Green Roof—A Case Study: Michael Van Valkenburgh Associates' Design for the Headquarters of the American Society of Landscape Architects
Publisher: Princeton Architectural Press, 2007
Empty rooftops are the largest unused open space resource in the US; they take up to 30% of potential open space in densely urbanized areas. Recently there has been a strong movement in the US to use these roofs for more than just utilitarian equipment. Green roofs, well known in Europe, are now increasingly built in North America. They promise an array of benefits: longer roof life spans, better sound insulation, reduced indoor heating and cooling needs, and decreased storm water runoff. Vegetation on green roofs cuts down carbon dioxide and binds with dust particles, meanwhile cooling the roof surface and alleviating the "urban heat island effect." In short, green roofs are the great green hope of many environmentalists, politicians, and architects interested in more efficient and environmentally sound buildings.
There is currently a compendium of publications about green roofs that mostly stress the environmental benefits of the technology. The book Green Roof: A Case Study looks beyond the environmental towards the mental. The potential of green roofs to serve basic human needs is examined in a discussion of the new roof built upon the ASLA headquarters in Washington DC, designed by Michael Van Valkenburgh Associates. This roof combines features of traditional roof gardens (accessible and enjoyable) with typical attributes of green roofs (lightweight and low maintenance).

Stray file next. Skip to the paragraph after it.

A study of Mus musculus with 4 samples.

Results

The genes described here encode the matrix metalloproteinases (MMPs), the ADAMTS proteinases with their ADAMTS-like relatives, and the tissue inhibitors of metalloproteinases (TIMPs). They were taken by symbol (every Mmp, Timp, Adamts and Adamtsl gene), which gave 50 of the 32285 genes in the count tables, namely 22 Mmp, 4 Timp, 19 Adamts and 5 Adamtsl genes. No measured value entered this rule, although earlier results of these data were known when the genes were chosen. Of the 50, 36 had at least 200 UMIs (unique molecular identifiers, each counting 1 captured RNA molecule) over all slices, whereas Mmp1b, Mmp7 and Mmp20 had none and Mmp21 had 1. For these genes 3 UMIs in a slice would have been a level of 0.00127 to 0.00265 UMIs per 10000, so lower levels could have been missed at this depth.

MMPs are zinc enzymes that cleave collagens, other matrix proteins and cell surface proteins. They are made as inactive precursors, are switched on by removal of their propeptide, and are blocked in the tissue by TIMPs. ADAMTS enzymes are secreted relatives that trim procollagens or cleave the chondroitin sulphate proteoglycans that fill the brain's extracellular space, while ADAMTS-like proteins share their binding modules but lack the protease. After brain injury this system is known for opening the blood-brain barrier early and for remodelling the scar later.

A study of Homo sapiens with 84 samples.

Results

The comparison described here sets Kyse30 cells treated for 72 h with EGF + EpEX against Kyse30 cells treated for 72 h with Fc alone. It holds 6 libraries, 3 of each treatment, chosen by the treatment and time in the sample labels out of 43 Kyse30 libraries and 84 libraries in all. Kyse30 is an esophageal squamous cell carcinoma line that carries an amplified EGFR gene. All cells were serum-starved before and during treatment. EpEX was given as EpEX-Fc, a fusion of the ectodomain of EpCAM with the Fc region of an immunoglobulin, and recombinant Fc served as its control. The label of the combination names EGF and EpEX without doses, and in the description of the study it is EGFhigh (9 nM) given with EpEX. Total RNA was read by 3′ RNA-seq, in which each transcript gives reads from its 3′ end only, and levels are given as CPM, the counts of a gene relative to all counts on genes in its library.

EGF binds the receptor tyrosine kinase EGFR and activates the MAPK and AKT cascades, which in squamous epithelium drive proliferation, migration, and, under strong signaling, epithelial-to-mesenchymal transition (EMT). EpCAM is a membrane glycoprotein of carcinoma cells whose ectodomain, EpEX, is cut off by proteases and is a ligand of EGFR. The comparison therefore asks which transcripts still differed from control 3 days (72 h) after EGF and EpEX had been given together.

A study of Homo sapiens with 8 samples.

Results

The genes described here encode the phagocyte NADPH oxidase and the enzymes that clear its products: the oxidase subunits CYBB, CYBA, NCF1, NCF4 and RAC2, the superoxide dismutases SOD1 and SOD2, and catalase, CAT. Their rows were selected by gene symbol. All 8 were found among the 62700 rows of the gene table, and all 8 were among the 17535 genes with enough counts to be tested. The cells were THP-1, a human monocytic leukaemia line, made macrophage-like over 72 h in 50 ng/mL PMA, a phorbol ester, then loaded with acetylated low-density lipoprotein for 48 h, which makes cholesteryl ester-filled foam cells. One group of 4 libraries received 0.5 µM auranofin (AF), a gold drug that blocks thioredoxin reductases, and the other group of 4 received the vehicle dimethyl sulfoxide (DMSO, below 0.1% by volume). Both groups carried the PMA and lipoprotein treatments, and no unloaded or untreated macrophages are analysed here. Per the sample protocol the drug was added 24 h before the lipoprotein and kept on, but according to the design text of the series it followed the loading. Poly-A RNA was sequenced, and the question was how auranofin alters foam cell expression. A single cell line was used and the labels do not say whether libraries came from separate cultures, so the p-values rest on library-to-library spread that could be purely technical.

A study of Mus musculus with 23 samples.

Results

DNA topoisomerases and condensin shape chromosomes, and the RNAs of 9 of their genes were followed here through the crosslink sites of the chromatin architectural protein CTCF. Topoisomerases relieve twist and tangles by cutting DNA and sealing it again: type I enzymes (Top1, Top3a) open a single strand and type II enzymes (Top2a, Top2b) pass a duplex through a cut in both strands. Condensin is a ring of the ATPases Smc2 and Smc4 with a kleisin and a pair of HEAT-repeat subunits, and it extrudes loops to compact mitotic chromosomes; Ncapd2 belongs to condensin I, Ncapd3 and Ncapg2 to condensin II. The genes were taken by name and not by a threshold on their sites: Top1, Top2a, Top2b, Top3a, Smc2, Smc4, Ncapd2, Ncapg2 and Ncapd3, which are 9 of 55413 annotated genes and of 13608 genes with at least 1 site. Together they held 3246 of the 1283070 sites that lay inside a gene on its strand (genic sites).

The "Green Roof Hybrid" is introduced as a model for the future city that argues the importance of social next to ecological elements in roof design.This model asserts that urban green infrastructure must progress from basic environmental problem solving to improving the mental and physical health of the urban dweller. This step is not necessary for moral reasons; it actually is important for the economic survival of whole regions. Mental health is the key factor for the long-term productivity of information based economies; accessible green roofs can contribute to that as a workplace amenity. They offer fantastic spaces of relaxation and contemplation thereby easing the stress of urban living and working. Regions with joyful green infrastructure will and already have the competitive advantage.